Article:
What #clapforcarers teaches us about employee morale

uploaded on 19 May 2020

Blog - What #clapforcarers teaches us about employee morale

What #clapforcarers teaches us about employee morale

Thursday's tradition of clapping for NHS and other key workers shows how necessary and valued staff morale is, particularly during a crisis.

From a “user” perspective, we love our NHS and want to show our appreciation and respect for what they are doing, for our loved ones and the nation. In turn, NHS workers say they appreciate being appreciated, and Thursday delivers a much needed boost. 

The challenges that NHS workers face are well covered in the media. We are all eternally grateful that front line staff are driven by a sense of vocation. And it is this sense of a higher calling that maintains their confidence, enthusiasm and discipline to keep delivering work, when times are tough.

Outside of public services, few employees feel “called” to work for their employer. The employment market is wide-open to choose which employer to work for. And employers are starting to feel uneasy about competition for the best employees once life returns to some sense of normality.

I was encouraged to read in a recent survey of 264, HR professionals, that 57% felt levels of engagement were “good” at the moment. A third say levels are higher than before lockdown. I’ve no doubt this is due to the diligence and hard work of many line managers.  Recovery will be a long journey and dips in morale are to be anticipated along the way. What can employers learn from this period to use in the months ahead?

Read and respond to the mood of your people to keep up confidence

Trust can build or break confidence. It’s hard for an employee to believe their boss genuinely has their back if they do not attend to practical concerns. Obviously, the overriding concern for frontline staff still in the workplace is their personal safety. 

Many employers have responded with appropriate measures to protect, sanitise and maintain social distance. But the need to travel into work on public transport is causing genuine anxiety. Unsurprisingly, demand for bikes, through the cycle to work scheme, has rocketed. Yet few employers have increased shower and changing facilities. Doing so would not only benefit staff now but encourage ongoing use after lockdown measures are lifted.

This pandemic has redefined the front line boundary to include customer service staff.  These people might be hidden from public view, but they are the first port of call for your customers. It is critical, they project confidence in your organisation’s ability to look after its customers. 

That can be hard to maintain working at home away from the group buzz of a call centre. Call handlers are dealing in isolation with, a higher volume, of less routine queries, probably shared across fewer staff, from callers that may be more emotionally volatile. How staff are incentivised can leave them feeling supported or stressed. Review incentive criteria for this period. Instead of rewarding a target number of calls handled, consider incentivising certain behaviours demonstrated by staff that leave customers with a good feeling about the organisation.

Remind employees of the purpose and impact of their work

Human resilience to keep going through a crisis is incredible but not inexhaustible. Resentment, burnout and feeling underappreciated are the biggest killers of staff enthusiasm to do their best work.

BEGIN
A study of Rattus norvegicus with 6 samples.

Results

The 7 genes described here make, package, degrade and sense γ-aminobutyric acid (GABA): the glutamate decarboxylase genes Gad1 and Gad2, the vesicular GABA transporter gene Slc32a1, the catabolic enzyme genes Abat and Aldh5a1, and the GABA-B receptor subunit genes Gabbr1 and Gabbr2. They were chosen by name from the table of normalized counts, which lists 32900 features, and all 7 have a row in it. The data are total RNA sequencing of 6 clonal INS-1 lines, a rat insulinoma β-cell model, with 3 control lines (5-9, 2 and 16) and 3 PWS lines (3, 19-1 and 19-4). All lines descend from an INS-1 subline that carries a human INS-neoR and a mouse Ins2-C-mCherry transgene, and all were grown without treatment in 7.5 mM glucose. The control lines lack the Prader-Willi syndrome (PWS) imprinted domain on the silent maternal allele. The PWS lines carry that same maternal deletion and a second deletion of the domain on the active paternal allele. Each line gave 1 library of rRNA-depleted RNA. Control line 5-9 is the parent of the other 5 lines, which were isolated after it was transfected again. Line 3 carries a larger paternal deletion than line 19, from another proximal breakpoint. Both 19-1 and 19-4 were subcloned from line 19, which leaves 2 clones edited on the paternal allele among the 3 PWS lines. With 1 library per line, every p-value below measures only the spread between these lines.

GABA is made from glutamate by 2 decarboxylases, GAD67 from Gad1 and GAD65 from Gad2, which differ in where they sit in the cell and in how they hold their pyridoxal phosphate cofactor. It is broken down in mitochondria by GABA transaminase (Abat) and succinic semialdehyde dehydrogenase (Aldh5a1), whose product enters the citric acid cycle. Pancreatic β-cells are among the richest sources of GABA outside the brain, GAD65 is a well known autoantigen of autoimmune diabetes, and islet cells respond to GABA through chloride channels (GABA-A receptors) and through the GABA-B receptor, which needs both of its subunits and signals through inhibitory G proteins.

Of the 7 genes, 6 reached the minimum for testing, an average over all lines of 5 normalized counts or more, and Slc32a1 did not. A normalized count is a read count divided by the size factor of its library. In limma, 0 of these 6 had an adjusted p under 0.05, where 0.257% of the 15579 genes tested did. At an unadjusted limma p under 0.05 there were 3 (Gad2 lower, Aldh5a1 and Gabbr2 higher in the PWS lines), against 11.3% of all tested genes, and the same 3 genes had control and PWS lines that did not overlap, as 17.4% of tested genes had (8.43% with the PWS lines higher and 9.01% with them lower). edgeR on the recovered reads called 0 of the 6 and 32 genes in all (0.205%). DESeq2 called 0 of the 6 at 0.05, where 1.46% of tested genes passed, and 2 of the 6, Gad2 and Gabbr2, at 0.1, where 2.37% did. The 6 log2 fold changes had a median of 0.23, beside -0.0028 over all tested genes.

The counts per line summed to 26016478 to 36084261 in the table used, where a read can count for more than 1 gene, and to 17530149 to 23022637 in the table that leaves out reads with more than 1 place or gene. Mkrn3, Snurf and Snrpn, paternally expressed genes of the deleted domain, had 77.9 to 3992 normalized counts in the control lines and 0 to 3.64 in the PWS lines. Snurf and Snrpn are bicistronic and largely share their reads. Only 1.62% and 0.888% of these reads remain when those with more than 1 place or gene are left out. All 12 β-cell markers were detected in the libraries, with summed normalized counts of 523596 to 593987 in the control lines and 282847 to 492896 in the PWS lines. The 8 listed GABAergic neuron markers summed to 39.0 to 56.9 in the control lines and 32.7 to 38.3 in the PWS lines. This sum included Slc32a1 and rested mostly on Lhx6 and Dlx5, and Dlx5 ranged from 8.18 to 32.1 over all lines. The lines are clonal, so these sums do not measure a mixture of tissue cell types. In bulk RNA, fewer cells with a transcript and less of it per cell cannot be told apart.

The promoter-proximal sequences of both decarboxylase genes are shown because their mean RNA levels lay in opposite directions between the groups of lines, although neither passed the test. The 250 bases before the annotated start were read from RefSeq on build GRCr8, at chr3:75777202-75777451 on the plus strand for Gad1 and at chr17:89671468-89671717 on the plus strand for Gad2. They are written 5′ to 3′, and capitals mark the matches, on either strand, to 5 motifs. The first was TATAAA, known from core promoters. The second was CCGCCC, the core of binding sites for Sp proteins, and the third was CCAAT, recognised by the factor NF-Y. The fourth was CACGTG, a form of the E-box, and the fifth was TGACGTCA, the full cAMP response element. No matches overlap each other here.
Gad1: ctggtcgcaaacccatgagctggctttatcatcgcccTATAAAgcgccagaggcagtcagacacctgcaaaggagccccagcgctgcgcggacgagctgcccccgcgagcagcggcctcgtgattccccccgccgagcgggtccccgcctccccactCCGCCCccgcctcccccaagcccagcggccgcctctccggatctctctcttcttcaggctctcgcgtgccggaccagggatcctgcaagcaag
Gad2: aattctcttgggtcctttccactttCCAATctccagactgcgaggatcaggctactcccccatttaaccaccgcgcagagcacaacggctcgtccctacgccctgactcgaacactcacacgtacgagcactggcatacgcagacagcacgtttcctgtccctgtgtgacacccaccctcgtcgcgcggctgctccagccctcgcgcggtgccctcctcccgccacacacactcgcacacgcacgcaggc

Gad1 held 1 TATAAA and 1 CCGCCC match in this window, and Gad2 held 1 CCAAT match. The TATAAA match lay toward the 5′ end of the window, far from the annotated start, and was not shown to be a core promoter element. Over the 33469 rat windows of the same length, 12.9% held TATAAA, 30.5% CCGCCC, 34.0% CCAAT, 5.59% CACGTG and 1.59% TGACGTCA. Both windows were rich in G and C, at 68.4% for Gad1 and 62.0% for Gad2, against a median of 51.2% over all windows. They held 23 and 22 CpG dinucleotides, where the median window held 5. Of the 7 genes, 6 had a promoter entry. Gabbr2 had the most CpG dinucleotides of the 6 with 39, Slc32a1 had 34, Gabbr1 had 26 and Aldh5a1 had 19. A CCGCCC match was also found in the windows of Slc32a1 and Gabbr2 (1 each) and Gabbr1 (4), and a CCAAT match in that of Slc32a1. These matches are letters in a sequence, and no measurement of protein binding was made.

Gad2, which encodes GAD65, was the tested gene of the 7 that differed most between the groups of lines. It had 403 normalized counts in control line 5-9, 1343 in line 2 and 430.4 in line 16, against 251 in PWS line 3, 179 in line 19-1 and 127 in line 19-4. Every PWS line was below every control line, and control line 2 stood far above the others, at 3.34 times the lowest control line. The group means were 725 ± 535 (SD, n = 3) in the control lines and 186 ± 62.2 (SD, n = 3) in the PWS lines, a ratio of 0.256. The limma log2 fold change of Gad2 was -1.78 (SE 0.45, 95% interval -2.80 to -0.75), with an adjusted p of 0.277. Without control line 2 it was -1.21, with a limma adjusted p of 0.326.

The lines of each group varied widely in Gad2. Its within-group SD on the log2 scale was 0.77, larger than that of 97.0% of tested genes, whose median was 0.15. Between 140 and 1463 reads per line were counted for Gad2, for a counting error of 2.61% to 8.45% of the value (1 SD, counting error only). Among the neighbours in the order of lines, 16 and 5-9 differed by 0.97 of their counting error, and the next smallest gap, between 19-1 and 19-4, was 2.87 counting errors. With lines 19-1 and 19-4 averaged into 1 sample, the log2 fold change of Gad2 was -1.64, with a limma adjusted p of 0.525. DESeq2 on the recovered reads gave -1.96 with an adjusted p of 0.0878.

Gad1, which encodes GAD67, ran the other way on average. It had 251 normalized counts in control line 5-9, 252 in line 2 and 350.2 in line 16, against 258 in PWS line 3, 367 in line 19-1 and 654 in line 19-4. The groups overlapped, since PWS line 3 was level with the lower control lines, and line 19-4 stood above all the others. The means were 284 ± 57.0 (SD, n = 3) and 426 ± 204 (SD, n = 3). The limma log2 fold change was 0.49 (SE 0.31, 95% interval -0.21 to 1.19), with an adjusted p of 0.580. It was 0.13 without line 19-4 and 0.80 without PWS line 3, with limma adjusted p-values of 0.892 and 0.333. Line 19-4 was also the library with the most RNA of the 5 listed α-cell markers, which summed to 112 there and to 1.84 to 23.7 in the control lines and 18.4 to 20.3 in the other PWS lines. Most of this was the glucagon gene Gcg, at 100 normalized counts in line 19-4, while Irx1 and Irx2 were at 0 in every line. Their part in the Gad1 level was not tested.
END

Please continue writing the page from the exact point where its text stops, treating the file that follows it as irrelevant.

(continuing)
Line managers may have invested a significant amount of time to build a shared sense of purpose among specific teams. Grown a shared understanding of each other’s personal circumstances and helped team members “contract” to support each other. But the reality for most businesses is, that a significant percentage of their workforce lacks purpose.

To survive most businesses, have furloughed staff and this is having unintended consequences. Those keeping the lights on are working around the clock on a skeleton staff.  By week 8, many feel exhausted, resentful and envious of furloughed colleagues, “enjoying a break from work on full pay.”

Furloughed pastures are not greener. Staff question why they weren’t deemed business critical and fear for their future job security. Work hard in your communication with both groups to help them understand they serve the same purpose, to keep the business afloat.  It cannot survive without both contributions. In time, furloughed staff will be called on to step up and carry the workload, while key workers step down to enjoy a well-earned rest.  Which brings me onto my next point.

Be disciplined about work to avoid burn out

It’s one thing to feel the adrenalin rush in response to a crisis situation. It’s quite another to maintain high levels of commitment on a long and bumpy road to recovery. The Mental Health Foundation and LinkedIn, surveyed 1000, HR professionals, in medium to large companies, and found nearly 60% of HR managers fear losing staff to sick leave, due to the intensity staff are working at now. Homeworking has caused a rise in employee burnout and e-presenteeism. 

In the same survey, 86% of 2000 home workers said, e-presenteeism has increased. They feel they should be always on, always available. On average employees are working an extra 28 hours a month. That amounts to an extra day a week. A third feel anxious and experience disturbed sleep. 

Clearly this is not a sustainable position. Use the results of this survey to talk explicitly and openly with your staff about the need to take breaks and switch off. And lead by example.

I’ve been encouraged to hear that employee engagement has risen in some companies during this period. But let’s not kid ourselves. We are not in normal times and the current pace of work for front line workers is not sustainable. Let’s take what we’ve learned from this extraordinary time about how to build and maintain staff morale on our journey to recovery.